The myth of the ‘cool tech girl’
And why she’s dangerous
In my early twenties I tried out the ‘cool tech girl’ thing. When you’re early in your career and one of the only women at a startup, it’s easy to fall in to the ‘cool girl in tech’ trap. The cool girl in tech is similar to the one Gillian Flynn outlines in her book “Gone Girl”— here is her description:
Being the Cool Girl means I am a hot, brilliant, funny woman who adores football, poker, dirty jokes, and burping, who plays video games, drinks cheap beer, loves threesomes and anal sex, and jams hot dogs and hamburgers into her mouth like she’s hosting the world’s biggest culinary gang bang while somehow maintaining a size 2, because Cool Girls are above all hot. Hot and understanding. Cool Girls never get angry; they only smile in a chagrined, loving manner and let their men do whatever they want.
Go ahead, shit on me, I don’t mind, I’m the Cool Girl.
That last line says it all: Go ahead, shit on me, I don’t mind, I’m the Cool Girl.
The cool girl in tech plays ping pong, drinks beer at work, is “one of the guys”, participates in inappropriate slack .gif threads, says things like “she’s overreacting”, “I don’t consider myself a feminist, I just work hard”, “I’ve never experienced discrimination at work”. The cool girl doesn’t call out sexist remarks, she laughs at your ‘jokes’, she defends you to other women, and helps silence them. The cool girl is ‘one of the boys’.
Go ahead, shit on me, and shit on them, I don’t mind, I’m the Cool Girl.
As in Flynn’s book, the cool tech girl is a myth. She’s a coping mechanism, not a real person. By creating environments that don’t feel safe for women, we are forcing women to cope by reflecting the patriarchal norms that oppress them — like a warped funhouse mirror. Identifying strongly with the folks keeping you down in order to ‘deal’ is an age old coping mechanism for women and people of colour.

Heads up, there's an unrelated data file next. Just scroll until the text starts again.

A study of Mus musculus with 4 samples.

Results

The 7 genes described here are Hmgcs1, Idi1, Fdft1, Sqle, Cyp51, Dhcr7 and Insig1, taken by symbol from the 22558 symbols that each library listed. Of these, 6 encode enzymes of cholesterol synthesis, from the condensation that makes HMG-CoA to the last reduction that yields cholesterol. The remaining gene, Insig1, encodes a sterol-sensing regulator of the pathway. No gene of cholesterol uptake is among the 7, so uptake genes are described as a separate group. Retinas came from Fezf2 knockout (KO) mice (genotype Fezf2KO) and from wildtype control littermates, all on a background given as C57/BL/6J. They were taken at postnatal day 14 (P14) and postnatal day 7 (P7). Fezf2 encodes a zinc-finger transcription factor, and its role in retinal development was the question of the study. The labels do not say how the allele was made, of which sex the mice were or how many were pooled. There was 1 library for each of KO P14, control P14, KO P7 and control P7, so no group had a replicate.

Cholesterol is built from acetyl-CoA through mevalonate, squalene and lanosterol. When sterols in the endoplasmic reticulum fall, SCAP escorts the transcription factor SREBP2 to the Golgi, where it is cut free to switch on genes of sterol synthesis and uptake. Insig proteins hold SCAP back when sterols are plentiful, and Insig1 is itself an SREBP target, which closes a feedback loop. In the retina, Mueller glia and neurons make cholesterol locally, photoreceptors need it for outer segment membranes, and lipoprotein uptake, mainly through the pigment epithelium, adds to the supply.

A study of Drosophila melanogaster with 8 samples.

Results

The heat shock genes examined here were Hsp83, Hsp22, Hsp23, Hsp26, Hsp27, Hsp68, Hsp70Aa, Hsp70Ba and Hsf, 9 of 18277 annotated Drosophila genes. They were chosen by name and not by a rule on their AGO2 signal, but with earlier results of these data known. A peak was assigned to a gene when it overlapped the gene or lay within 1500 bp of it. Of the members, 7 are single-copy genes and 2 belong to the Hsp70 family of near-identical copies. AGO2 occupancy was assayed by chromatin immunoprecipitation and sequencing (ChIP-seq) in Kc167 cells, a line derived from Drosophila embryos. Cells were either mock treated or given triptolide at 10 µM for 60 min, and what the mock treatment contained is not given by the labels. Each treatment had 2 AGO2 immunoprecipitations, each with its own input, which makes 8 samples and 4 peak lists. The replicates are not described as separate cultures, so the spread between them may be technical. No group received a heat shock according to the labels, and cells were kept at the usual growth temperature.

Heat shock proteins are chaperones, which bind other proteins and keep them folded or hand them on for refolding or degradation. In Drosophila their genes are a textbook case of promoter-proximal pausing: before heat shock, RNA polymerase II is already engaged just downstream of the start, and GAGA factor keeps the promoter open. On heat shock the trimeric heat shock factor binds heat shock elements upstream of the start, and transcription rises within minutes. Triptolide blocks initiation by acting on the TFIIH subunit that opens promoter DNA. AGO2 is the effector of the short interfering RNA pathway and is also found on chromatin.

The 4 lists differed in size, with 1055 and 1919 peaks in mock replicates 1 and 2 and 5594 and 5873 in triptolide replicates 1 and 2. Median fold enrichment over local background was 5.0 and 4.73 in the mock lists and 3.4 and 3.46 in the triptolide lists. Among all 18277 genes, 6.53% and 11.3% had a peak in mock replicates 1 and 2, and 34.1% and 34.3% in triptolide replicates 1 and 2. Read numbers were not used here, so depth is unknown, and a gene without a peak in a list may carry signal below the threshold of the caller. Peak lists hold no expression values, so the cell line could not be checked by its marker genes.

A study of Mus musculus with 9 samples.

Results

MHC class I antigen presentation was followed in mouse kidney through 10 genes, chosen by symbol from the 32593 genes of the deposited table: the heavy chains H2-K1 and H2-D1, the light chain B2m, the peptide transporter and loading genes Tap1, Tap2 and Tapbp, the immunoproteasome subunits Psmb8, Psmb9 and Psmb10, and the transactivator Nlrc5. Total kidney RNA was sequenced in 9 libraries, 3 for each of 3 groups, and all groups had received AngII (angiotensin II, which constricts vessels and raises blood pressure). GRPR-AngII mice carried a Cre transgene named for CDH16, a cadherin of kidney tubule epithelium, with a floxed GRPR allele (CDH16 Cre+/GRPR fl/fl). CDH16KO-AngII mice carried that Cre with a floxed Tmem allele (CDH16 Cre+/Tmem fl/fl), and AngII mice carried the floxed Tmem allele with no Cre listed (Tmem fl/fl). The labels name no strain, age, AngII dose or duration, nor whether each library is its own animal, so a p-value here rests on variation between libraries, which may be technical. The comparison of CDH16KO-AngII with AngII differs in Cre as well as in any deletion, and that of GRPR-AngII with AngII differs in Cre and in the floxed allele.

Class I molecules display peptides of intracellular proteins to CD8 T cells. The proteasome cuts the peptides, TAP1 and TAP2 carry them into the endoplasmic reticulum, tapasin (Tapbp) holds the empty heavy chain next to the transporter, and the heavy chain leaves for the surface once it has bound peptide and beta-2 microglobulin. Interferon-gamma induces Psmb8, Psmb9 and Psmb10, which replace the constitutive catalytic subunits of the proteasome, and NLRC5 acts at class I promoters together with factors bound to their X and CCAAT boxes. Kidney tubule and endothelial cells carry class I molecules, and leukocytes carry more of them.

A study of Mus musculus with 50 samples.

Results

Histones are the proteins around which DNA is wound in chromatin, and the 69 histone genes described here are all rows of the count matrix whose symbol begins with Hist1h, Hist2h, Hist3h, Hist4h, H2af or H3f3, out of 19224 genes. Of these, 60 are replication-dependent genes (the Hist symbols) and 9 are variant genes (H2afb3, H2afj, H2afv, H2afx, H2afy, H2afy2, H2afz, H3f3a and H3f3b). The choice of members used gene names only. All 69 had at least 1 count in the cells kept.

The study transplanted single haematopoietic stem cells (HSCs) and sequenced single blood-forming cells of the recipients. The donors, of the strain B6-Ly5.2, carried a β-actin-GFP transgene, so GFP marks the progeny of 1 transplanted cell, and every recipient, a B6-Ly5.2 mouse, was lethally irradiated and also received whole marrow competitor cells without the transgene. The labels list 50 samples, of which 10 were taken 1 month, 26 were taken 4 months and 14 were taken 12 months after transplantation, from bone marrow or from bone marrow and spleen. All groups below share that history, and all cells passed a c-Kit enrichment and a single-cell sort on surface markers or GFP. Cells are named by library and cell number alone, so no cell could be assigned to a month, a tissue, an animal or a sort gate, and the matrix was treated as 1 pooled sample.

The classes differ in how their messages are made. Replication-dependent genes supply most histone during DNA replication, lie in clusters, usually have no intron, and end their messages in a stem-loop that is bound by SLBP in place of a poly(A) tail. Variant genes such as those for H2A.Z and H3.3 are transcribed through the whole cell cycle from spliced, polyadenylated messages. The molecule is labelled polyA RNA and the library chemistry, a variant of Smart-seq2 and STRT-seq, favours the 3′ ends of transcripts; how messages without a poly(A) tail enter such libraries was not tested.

If you don’t feel safe to be yourself, you’ll find someone safe to be.
‘The cool girl’ trope is complicated further when you consider race. As a straight white woman operating in a space of immense privilege, this is a persona available to me. I fully acknowledge that it may not be a mask available to all women — sexism is compounded for, and can manifest very differently for women of colour.
We have to stop letting people think ‘the cool tech girl’ exists
I knew the cool girl persona was harming me years ago when I started to experience some scary sexism, the -send you angry sexual messages and follow you home- type. My ‘cool girl’ tech guy friends looked at their shoes and kept hanging around the guy scaring me. “Common, I’m sure he didn’t mean it”.
I didn’t last long as the cool girl, my wake up call was real.
The cool tech girl is a toxic myth, she helps men feel safe in their sexism. She enables the persistent and perpetual gender discrimination in our field. She’s hurting you, and me, and she needs to fuck right off already.
When the news broke about (I roll my eyes as I write this) an Uber board member making a sexist comment about women on boards at a town hall about sexism at Uber (facepalm) — I saw men write in comment threads “he probably thought it was OK, he’s probably friends with Arianna and thought he could be funny, it was just a joke.”
Read: he thought ya’ll were cool girls and you’d be cool about it.
As a community, we need to put this trope to bed. I am not an authority, but I have some ideas on how we all can help (men included):
Mentor young women in tech
Be a role model of how you can lead a successful career while supporting women, people of colour, disabled and LGBTQ colleagues. Challenge the people around you to get better and do better. When you see young women trying out the ‘cool girl’ persona, spend some time getting to know them. The more women feel empowered and supported, the less we’ll need this harmful persona.
Address casual sexism head on
I’ve been ‘the feminist one’ for years, and it’s not easier than pretending to be cool — but it feels a hell of a lot better. When you see sexist, racist, or shitty behaviour at your company, speak it. Challenge corporate norms and values that can lead to sexist nonsense. If one of your corporate values is “aggressiveness”, start there.
Rid your company of toxic bro-culture
Don’t reward good behaviour with scotch, don’t tap kegs at 12pm, and don’t host video game or ping pong tournaments. Don’t call your employees “rockstars”. Shine a harsh light on some of your internal slack channels. If your company doesn’t perpetuate the kind of culture that makes women feel like they need to be ‘one of the boys’, they won’t need the coping mechanism of the ‘cool tech girl’.